In May 2013, BREC’s Baton Rouge Zoo was left with a huge void upon sending away Bozie, its lonely elephant who was mourning the death of her elephant pal Judy.
The zoo had housed elephants since 1970. With Bozie at her new home at Smithsonian’s National Zoo in Washington, D.C., Friends of the Zoo (FOZ) immediately began thinking of ways to utilize the former elephant exhibit.
Sanskrit for the word “fiery” and made possible by a $150,000 donation from FOZ, Anala, a 2-year-old Indian rhinoceros, officially became a member of the Baton Rouge Zoo family during an Aug. 21 ceremony.
“This is the single largest project that the Friends have undertaken,” FOZ Board President Ed Jimenez said. “We are happy to celebrate its completion today and we are honored to play a role of bringing Indian rhinos to Baton Rouge.”
Holding an actual sawed-off rhino horn, Zoo Curator of Education Jennifer Shields explained the importance of rhinos taking refuge in the United States, as elsewhere they often fall victim to poachers. She said poachers believe the horns hold special medicinal powers to cure everything from laryngitis to cancer and it’s why so many rhinos lose their lives each year.
“All species of rhinos are in trouble around the world because of horns,” Shields said. (The horn is) made out of the same thing as your fingernails and your hair so you’d get the same medicinal value if you chewed your nails.”
But while only containing keratin and actually worthless, in some countries, rhino horn is worth more than solid gold.
Zoo Director Phil Frost added to Shield’s commentary that while attending a conference, a researcher from Asia noted that over a 10-year period, more than 1,000 rangers were killed by poachers while in the line of duty. Baton Rouge Zoo along with FOZ are major donors in ranger support.
“It’s a war, it’s a battle for them to try to protect something like this, that we have today,” Frost said while motioning toward Anala.
Anala is a part of the Association of Zoos and Aquariums’ Species Survival Plan, whose mission is to cooperatively manage specific, and typically threatened or endangered, species population within AZA-accredited zoos and aquariums, certified related facilities and approved non-member participants. The Baton Rouge Zoo is a member of the AZA and hopes to be able to breed Anala when she’s old enough to have a male partner.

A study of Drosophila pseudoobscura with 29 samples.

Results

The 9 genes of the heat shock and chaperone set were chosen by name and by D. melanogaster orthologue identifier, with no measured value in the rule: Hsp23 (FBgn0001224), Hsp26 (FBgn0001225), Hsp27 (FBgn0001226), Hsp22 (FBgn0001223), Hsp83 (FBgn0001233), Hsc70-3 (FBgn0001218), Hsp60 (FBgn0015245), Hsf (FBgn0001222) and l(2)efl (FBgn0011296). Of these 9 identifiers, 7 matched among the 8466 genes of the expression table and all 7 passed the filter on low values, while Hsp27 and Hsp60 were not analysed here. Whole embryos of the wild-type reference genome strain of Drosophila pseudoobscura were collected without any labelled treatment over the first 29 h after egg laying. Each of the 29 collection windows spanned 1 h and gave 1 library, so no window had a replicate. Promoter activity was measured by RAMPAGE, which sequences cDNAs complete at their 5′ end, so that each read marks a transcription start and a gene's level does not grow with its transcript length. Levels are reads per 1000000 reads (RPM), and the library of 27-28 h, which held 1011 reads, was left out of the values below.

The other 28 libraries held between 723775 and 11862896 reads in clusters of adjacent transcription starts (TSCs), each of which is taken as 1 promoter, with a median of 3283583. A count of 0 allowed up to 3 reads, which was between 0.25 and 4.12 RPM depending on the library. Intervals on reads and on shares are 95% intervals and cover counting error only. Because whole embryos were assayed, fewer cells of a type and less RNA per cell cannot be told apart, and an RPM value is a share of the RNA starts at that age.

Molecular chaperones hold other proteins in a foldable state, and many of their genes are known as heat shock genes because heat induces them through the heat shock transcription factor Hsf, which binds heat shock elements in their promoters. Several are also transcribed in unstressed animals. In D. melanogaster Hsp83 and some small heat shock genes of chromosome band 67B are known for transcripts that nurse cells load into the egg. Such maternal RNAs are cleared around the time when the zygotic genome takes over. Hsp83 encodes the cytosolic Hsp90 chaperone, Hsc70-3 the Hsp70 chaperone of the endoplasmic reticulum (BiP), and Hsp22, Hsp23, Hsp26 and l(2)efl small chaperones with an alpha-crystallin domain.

But for right now, the playful 2-year-old ironically loves naps. She also understands the commands “move up”, “back up”, and “open”, all of which assist in her health screenings.
According to Zookeeper Kesei Kelly, who does a lot of work with Anala, her favorite thing is water.
“She absolutely loves water,” Kelly said. “I have not seen her get in the pool yet but she enjoys getting bathed and she loves grass.”
Coming from Miami, Anala is already conditioned for the Louisiana heat but Kelly said the staff does keep an eye on her to be sure the humidity isn’t too much for the young rhino.
The lifespan of the Indian rhinoceros is 20 to 30 years, so expect Anala to be in Baton Rouge for the long haul and maybe someday welcome a few baby rhinos as well.
What’s up with the cubs
The same day that Anala made her debut, the zoo’s new and long-awaited tiger cubs were just about to turn three weeks old. Finally standing on all fours, the baby-faced cats received a clean bill of health and weighed in at just more than four pounds. Baton Rouge country radio station 100.7 The Tiger has appropriately sponsored a “tiger cam” in conjunction with Manda Fine Meats to allow fans to catch rare glimpses of the two clumsy babies. Information about the official debut of the cubs has yet to be released.
Editor’s note: This story was changed on Aug. 29, 2014, to correct that it was Bozie the elephant that went to the Smithsonian’s National Zoo in Washington, D.C.